Kiersey Clemons‘ Jenn drags herself onto a remote island, shipwrecked and alone. She’s exhausted and traumatized, but resourceful, building shelter for herself and figuring out food and fire pretty quickly. But when night comes, she sees the silhouette of a massive beast walk on two spindly legs out of a deep recess in the ocean, storming onto the island, looking for food.
J.D. Dillard (Sleight) returns to both Sundance and Blumhouse with Sweetheart, the majority of which has Jenn battling solitude, starvation and a giant, terrifying monster in near-silence. It’s thrilling to watch a film that relies almost entirely on Clemons’ dazzling presence, and she has no trouble carrying the weight of her scenes alone, often with no dialogue. She gives such a wonderful, profoundly human performance, and watching Jenn figure out basic life necessities on this small, beautiful island would make for a compelling watch even without the monster.
But the monster is so cool, and we get a great look at it.
This isn’t a shaky-cam, shadowy sort of reveal, but an extended, close-up examination of a very well-designed and scary beast who’s used to ruling this island alone. Sweetheart is quite suspenseful even when it isn’t a full-on monster movie, but it doesn’t feel like much other horror we’ve seen. That’s in part because it’s so bright and gorgeous and thoughtful, and in part because the monster, as cool as it is, isn’t the most interesting part of this movie.
That designation goes to Jenn, who’s probably the smartest and most composed shipwreck victim we’ve ever seen onscreen. From the moment she climbs ashore, Jenn is instantly in survival mode, surveying the island for resources that she will later use in a far cleverer way than we could have predicted. We’re always left guessing at her motives as she moves silently and determinedly across the island, and then when we see her schemes in action, we’re left with a deep appreciation of this character who has so much common sense and quiet, non-showy agency. Jenn is just, in a very straightforward and understated way, a boss.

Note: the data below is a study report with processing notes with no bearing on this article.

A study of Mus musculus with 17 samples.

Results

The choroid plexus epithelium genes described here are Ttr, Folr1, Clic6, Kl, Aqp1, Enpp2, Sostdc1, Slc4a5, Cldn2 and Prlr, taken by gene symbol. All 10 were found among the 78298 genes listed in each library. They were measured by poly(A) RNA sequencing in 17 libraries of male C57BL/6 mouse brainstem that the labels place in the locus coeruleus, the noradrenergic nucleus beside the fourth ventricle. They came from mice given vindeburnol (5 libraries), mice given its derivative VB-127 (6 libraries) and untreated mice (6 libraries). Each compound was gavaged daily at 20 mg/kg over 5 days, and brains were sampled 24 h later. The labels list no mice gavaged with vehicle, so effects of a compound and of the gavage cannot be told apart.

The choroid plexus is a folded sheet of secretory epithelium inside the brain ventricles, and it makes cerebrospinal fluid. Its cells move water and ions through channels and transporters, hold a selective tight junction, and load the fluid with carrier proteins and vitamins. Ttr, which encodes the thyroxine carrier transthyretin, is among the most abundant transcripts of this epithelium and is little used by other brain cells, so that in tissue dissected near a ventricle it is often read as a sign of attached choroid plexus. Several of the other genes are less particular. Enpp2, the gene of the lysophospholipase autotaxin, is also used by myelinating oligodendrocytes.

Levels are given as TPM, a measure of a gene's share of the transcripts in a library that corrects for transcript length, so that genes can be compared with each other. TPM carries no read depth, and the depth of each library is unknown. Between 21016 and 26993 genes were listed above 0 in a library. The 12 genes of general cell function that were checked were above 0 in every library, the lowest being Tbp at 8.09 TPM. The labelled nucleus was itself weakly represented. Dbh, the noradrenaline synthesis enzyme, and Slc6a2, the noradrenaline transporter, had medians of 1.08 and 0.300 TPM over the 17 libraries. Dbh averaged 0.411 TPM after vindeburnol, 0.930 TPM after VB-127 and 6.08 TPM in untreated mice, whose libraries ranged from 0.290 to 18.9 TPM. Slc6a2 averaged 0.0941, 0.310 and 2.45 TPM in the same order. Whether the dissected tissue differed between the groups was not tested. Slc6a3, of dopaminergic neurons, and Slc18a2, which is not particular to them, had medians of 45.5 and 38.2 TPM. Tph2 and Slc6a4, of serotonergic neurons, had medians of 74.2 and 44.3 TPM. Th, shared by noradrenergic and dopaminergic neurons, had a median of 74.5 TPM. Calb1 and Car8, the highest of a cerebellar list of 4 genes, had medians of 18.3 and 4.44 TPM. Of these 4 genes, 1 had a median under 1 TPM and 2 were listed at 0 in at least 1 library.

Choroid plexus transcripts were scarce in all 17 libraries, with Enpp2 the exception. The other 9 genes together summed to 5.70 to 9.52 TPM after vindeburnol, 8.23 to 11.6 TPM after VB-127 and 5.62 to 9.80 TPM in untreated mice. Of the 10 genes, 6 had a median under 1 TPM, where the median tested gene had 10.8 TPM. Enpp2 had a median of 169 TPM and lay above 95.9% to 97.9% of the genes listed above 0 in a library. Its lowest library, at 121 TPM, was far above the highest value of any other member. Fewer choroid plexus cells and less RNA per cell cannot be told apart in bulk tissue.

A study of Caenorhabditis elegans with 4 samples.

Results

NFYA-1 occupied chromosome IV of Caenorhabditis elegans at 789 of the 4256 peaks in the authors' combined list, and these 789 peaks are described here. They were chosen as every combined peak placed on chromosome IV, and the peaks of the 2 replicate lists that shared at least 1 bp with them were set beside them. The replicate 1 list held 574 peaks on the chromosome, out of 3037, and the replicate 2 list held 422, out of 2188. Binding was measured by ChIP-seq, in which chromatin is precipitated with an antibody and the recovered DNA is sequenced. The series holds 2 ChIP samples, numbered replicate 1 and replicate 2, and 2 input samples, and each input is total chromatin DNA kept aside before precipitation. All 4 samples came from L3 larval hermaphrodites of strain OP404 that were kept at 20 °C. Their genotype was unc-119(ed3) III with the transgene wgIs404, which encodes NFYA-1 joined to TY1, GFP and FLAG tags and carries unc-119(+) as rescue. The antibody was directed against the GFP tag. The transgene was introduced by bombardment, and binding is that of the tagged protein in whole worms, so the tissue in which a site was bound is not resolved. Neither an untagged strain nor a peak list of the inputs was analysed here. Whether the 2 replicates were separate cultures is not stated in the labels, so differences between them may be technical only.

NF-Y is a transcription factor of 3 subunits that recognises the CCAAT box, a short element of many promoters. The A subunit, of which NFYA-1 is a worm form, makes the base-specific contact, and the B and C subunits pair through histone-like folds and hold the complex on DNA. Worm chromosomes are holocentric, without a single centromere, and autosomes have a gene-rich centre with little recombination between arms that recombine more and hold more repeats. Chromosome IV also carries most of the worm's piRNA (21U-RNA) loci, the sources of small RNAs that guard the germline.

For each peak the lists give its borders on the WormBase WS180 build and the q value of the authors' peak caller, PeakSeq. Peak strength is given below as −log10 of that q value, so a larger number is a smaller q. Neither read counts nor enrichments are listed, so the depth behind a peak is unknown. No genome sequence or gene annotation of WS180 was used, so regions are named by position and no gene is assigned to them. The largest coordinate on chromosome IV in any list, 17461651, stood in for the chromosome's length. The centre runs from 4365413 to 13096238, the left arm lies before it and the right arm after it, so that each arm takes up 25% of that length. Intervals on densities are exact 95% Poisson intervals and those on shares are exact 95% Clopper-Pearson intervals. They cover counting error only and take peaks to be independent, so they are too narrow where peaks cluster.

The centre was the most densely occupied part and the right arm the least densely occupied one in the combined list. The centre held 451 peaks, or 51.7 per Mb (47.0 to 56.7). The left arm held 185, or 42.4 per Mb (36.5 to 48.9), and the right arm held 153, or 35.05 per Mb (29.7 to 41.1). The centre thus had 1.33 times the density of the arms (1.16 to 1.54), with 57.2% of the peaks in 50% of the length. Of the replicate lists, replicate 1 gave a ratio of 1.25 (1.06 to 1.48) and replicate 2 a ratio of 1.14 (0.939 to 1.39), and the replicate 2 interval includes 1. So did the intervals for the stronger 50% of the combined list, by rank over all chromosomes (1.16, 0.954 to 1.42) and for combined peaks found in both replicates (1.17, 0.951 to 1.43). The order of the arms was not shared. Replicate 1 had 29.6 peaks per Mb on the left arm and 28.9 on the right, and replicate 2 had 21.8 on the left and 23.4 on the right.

Sweetheart loses its way a bit when it deviates from that perfect formula of Jenn surviving and fighting a monster on an island, but only because the film has presented such a compelling scenario that anything that isn’t that scenario feels like a loss. New characters are introduced mainly to give us more of a sense of who Jenn is and what she’s survived even before this catastrophe, but the truth is, Clemons’ eyes have already told us everything we need to know about Jenn. This is a woman who has regularly suffered disrespect, trauma and tragedy, and that makes her uniquely equipped to be on a deserted island confronting a prodigious deep sea monster that thinks of her as nothing more than meat. Jenn’s used to being underestimated. That’s her secret weapon.
Sweetheart is only 82 minutes and doesn’t waste a moment. It’s a beautiful and exhilarating film with an extraordinary leading performance and one hell of a big bad. Don’t miss it.